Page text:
379 matches found for All Records in Extension Publications

    Source: Department of Crop and Soil Sciences Publications

    "To understand soil fertility and nutrient management in conservation tillage systems, we need to recognize the unique conditions in these systems that influence nutrient behavior and management. One of the most important functions of conservation tillage systems is the maintenance of crop residues on the soil surface to protect the soil from erosion."

  2. Conservation Tillage Series: Soil Compaction and Conservation Tillage [pdf]Get Acrobat Reader
    Source: Department of Crop and Soil Sciences Publications

    "Soil is a complex medium, but for simplicity we can think of it as a combination of solid mineral and organic particles and pore space. Pore space allows for air and water storage and movement in soils. Compaction squeezes the soil and, since solids do not compress, pore space is reduced. A footprint or wheel track rut in a field, for example, signals compaction."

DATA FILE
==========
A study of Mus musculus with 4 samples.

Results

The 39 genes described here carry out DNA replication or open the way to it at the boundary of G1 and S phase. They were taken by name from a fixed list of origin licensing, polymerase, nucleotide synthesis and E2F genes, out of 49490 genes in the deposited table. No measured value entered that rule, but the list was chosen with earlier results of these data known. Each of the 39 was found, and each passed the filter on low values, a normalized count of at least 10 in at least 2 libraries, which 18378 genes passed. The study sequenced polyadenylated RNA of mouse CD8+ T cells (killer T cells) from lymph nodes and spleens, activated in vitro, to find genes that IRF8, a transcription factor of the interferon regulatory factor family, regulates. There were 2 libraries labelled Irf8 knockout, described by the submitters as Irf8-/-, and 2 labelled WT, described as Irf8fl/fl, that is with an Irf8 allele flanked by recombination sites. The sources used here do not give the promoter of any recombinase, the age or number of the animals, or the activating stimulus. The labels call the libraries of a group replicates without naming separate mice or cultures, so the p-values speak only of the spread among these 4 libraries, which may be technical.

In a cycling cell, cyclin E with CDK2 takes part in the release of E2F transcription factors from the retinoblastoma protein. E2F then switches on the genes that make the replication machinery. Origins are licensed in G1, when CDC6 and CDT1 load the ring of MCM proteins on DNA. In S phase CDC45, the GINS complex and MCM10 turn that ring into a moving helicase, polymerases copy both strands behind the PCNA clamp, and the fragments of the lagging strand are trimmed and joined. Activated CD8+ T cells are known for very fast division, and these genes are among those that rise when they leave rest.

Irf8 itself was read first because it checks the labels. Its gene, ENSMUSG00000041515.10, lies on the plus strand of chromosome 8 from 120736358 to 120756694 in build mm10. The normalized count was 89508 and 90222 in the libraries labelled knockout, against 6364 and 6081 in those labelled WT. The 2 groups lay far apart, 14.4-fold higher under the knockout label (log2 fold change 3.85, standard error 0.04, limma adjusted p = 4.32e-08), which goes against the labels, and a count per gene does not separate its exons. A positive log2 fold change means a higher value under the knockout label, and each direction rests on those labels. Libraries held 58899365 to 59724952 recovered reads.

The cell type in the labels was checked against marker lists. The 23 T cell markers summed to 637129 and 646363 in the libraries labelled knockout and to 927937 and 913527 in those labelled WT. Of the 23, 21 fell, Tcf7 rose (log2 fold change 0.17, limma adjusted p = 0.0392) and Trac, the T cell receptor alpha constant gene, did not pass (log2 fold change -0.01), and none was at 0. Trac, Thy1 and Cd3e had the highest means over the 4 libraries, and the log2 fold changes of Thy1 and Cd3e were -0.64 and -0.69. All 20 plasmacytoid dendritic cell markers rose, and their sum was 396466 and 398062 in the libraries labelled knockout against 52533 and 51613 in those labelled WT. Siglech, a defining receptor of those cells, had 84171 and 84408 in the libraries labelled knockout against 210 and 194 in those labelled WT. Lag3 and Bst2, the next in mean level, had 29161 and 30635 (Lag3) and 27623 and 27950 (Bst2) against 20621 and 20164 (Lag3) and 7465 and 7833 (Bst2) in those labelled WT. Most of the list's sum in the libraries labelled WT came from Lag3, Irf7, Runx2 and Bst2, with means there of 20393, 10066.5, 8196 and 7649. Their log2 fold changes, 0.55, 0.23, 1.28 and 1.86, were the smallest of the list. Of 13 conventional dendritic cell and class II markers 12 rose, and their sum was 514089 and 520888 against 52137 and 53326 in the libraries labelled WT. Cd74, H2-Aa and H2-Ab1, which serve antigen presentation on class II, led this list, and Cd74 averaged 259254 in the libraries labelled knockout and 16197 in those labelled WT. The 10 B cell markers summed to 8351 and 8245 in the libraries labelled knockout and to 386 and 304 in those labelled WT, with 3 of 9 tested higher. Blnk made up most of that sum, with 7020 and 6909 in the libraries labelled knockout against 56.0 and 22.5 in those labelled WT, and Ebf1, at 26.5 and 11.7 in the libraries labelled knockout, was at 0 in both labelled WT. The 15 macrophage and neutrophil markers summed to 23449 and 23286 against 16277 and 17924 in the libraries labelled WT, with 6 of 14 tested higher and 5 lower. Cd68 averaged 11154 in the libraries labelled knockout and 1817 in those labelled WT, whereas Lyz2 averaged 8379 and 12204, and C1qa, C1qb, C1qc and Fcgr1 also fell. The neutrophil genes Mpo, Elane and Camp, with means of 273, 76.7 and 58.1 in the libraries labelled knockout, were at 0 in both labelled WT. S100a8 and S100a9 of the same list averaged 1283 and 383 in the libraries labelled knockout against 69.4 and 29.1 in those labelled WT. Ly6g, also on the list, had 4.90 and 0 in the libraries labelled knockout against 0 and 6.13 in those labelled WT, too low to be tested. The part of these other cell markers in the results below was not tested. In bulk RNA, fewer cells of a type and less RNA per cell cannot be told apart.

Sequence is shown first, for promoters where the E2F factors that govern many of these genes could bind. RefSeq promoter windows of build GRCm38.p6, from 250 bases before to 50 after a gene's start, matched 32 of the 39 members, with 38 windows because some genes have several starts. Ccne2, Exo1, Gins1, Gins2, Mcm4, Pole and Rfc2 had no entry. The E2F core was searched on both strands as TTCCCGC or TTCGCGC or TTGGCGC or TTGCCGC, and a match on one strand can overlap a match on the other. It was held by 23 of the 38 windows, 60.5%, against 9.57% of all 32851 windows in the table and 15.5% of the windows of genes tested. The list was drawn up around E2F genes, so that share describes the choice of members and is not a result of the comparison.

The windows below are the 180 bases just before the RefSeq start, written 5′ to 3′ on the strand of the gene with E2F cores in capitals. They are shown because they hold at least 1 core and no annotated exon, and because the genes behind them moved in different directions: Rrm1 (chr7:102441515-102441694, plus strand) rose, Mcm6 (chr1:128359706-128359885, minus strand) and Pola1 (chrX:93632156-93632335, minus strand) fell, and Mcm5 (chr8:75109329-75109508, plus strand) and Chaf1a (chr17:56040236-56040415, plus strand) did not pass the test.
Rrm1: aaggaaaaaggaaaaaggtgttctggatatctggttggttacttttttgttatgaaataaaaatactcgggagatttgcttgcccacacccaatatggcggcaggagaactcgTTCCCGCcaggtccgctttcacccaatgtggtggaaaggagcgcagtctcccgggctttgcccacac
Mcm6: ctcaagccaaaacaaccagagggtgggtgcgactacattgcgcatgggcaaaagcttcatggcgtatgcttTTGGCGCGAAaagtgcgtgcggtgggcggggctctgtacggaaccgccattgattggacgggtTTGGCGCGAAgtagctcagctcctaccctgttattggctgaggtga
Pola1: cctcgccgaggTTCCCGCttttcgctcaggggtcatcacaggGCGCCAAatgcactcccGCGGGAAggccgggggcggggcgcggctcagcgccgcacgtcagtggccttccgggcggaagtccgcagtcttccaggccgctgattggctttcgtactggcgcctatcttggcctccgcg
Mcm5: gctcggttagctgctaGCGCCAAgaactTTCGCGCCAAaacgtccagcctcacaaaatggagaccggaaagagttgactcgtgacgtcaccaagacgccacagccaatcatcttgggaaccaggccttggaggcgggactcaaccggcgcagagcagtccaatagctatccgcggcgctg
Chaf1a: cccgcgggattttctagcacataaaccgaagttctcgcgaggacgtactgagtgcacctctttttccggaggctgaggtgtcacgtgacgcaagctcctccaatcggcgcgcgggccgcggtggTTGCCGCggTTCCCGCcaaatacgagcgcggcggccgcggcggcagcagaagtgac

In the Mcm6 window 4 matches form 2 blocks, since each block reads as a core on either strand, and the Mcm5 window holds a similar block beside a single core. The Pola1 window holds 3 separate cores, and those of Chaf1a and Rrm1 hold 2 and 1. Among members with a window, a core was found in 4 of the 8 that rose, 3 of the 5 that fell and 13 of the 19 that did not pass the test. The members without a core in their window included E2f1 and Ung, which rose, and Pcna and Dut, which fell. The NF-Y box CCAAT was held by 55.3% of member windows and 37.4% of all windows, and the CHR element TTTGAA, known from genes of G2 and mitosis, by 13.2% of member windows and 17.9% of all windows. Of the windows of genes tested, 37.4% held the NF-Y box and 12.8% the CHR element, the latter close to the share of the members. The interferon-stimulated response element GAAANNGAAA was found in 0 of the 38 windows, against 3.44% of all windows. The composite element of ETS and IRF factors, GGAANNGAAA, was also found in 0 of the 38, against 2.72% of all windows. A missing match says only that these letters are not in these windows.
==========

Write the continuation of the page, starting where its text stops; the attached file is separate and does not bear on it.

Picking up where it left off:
3. Considerations in Managing Cutting Height of Corn Silage
    Source: Penn State - Dairy and Animal Science Publications

    "Recently, interest has developed in cutting corn silage higher during harvest to improve the forage quality. Cutting corn silage higher can increase silage quality because the lower part of the crop is poorly digestible, but this can also reduce yield."

  4. Contracting Certified Manure Haulers [pdf]Get Acrobat Reader
    Source: Penn State - Dairy and Animal Science Publications

    "Contract manure hauling offers several opportunities to producers."

  5. Control of Summer Annual Grass Weeds
    Source: Department of Crop and Soil Sciences Publications

    "Summer annual grasses continue to be pervasive weed problems in many turfgrass areas throughout Pennsylvania. The most common summer annual grasses in turf include crabgrasses ( spp.), goosegrass (), foxtails ( spp.), and barnyardgrass (). Satisfactory control of these weeds can be obtained by cultural and chemical methods, provided the life cycle of the plant is understood."